2019-2020 NSW Budget winners and losers - where does the Upper Hunter sit?

PROMISES APLENTY: The 2019-2020 NSW Budget has more than $90 million for the Upper Hunter, according to MP Michael Johnsen.
PROMISES APLENTY: The 2019-2020 NSW Budget has more than $90 million for the Upper Hunter, according to MP Michael Johnsen.

THE 2019-2020 NSW Budget was handed down on Tuesday - and the Upper Hunter electorate has received funding boosts across a number of areas.

Big ticket items such as the Muswellbrook, Scone and Singleton bypasses have all taken a share, while the region will also enjoy becoming part of several state-wide projects.

Upper Hunter MP Michael Johnsen confirmed the area would accept extra resources for communications, education, infrastructure and health.

The latter of those issues is likely to be the most contentious, with more front line health staff being provided to the area, but no new money to work on part three of the Muswellbrook District Hospital upgrade.

Mr Johnsen said more planning was required before any funds could be pledged to the third stage, and that will now have to wait until at least next year.

"There's nothing specifically in the budget about that but they're only just finishing stage two," he explained.

"And, already as part of stage two we've built certain things to continue on with stage three when the final plans are given to the minister and ready for funding."

He was, however, keen to speak about the additions to health facilities in the region, with approximately 1600 new staff set to take residence in the area.

"We said before the election that we were going to put on 8000 new health staff, and the Hunter-New England Health District has by far the biggest percentage of that," he said.

Another hotly-debated issue is the Muswellbrook Bypass, which the state coalition has set aside $266 million for.

Out of that, just $4 million was allocated for the coming year, although Mr Johnsen said it was simply because it's just in the planning stage.

While it may seem minuscule in relation to the project's overall cost, it is almost double what has been committed previously throughout a number of years.

One project that continues to tick along at tortoise pace is the Singleton Bypass, which gained another $2.7 million for planning as part of a pledge that was made prior to the 2015 election.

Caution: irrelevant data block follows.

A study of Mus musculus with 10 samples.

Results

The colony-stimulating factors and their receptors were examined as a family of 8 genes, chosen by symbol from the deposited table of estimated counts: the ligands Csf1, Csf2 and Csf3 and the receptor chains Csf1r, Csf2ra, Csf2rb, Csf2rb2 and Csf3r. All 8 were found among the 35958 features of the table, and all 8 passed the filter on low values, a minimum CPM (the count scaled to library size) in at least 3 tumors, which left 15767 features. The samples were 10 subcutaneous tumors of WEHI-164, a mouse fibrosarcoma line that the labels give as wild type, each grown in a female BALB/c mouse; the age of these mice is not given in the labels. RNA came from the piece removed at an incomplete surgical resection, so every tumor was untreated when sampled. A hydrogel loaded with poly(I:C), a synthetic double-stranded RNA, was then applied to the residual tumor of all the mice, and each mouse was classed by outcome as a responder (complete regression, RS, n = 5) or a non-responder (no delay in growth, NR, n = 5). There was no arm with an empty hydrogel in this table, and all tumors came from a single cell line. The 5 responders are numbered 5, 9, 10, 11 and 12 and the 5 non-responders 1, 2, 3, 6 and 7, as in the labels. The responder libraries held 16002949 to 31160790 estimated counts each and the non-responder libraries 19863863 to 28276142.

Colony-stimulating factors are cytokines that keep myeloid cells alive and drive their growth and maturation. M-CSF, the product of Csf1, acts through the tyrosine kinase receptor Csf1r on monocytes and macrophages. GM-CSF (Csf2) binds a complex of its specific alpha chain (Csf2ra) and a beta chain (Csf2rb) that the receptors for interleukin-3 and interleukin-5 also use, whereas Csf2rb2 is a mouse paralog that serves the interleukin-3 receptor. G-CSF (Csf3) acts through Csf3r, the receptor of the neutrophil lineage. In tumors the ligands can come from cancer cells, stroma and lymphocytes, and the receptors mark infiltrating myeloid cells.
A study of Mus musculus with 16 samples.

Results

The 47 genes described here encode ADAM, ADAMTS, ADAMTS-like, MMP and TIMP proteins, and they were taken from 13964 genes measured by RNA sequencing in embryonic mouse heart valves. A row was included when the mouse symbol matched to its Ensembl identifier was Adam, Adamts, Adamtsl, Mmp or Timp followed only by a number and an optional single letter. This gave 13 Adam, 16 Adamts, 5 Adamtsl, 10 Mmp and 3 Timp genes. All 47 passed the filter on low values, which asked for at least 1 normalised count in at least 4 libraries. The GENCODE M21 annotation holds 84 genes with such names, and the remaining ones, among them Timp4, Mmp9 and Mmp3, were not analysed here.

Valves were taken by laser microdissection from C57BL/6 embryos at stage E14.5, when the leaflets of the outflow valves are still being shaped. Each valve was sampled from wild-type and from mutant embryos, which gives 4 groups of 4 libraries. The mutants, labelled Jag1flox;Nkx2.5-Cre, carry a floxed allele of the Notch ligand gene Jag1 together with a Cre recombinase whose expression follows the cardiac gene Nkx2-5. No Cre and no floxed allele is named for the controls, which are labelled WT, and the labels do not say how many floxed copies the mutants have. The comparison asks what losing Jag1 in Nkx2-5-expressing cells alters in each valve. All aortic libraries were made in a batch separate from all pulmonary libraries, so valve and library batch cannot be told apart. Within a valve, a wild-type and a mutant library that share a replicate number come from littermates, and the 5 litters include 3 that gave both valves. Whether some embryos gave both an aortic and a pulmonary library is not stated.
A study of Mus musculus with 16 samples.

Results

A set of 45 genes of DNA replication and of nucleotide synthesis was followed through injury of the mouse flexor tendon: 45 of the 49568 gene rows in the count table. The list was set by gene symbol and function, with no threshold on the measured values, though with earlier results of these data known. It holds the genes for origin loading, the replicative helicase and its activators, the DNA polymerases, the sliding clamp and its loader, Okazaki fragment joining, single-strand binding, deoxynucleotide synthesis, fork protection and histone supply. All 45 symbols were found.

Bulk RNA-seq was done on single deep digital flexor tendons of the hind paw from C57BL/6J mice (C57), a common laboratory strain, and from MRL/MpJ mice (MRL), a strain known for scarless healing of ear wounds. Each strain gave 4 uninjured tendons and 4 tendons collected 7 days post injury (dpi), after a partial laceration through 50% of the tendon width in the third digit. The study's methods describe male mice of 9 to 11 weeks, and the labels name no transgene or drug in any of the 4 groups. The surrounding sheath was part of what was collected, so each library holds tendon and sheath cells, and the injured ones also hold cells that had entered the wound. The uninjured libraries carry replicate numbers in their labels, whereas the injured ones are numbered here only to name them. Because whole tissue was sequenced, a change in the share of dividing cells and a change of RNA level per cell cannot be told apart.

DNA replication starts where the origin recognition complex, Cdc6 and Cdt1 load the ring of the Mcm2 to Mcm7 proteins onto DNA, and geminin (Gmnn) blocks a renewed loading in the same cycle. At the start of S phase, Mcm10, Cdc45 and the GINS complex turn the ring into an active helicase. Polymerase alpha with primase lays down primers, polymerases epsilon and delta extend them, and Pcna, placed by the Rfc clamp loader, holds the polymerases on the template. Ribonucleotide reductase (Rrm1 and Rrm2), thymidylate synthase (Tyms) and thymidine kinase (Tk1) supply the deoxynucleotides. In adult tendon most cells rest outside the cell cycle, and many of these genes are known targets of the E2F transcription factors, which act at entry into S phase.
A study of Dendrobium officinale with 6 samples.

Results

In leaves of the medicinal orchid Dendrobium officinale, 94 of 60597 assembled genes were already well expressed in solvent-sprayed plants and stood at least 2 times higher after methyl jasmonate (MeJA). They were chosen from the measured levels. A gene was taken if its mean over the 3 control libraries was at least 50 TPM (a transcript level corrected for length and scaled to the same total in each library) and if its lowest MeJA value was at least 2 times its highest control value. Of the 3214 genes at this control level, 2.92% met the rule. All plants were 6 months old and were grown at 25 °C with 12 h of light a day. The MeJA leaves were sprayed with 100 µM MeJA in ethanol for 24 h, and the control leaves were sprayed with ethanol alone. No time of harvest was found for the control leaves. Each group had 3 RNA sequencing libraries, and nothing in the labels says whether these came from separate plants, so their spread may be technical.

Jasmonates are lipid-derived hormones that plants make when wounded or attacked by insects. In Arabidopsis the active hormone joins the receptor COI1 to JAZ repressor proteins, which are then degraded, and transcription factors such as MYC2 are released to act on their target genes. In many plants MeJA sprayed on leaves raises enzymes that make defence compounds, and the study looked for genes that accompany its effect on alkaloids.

Incredibly, there is still no timeline for construction as more detail is reportedly required.

Continuing with the theme, the near-completed Scone Bypass has been granted $28.7 million as its 2020 deadline approaches.

There's good news for anyone reading this with spotty internet connection, as the Upper Hunter MP confirmed his electorate would feature heavily in the government's $400 million plan to decrease the amount of mobile blackspots.

Figures regarding that remain murky though, as the NSW Budget 2019-2020 paper mentions the aforementioned costing, while Budget Statement and Budget Estimates documents state the Regional Digital Connectivity Program will cost $518.8 million, with $97.2 million of that being spend this year.

On a more local level, $550,000 will be used to help purchase land and get development underway on a new Fire and Rescue NSW station at Muswellbrook.

Muswellbrook South Public School will also reap the benefits from the state-wide promise to get rid of demountables and add air-conditioning to all classrooms, although an exact number on the cost of that is yet to be released.

With an almost never-ending stream of promises prior to the state election, it was always going to be difficult to follow though.

However, a start is being made on almost every pledge with the only obvious loser being the Muswellbrook hospital stage three development.

Verdict: Public reaction will determine the budget's legacy in the coming days but, for now, it seems as if the government has pulled several rabbits out of the hat and given adequate focus to regional issues.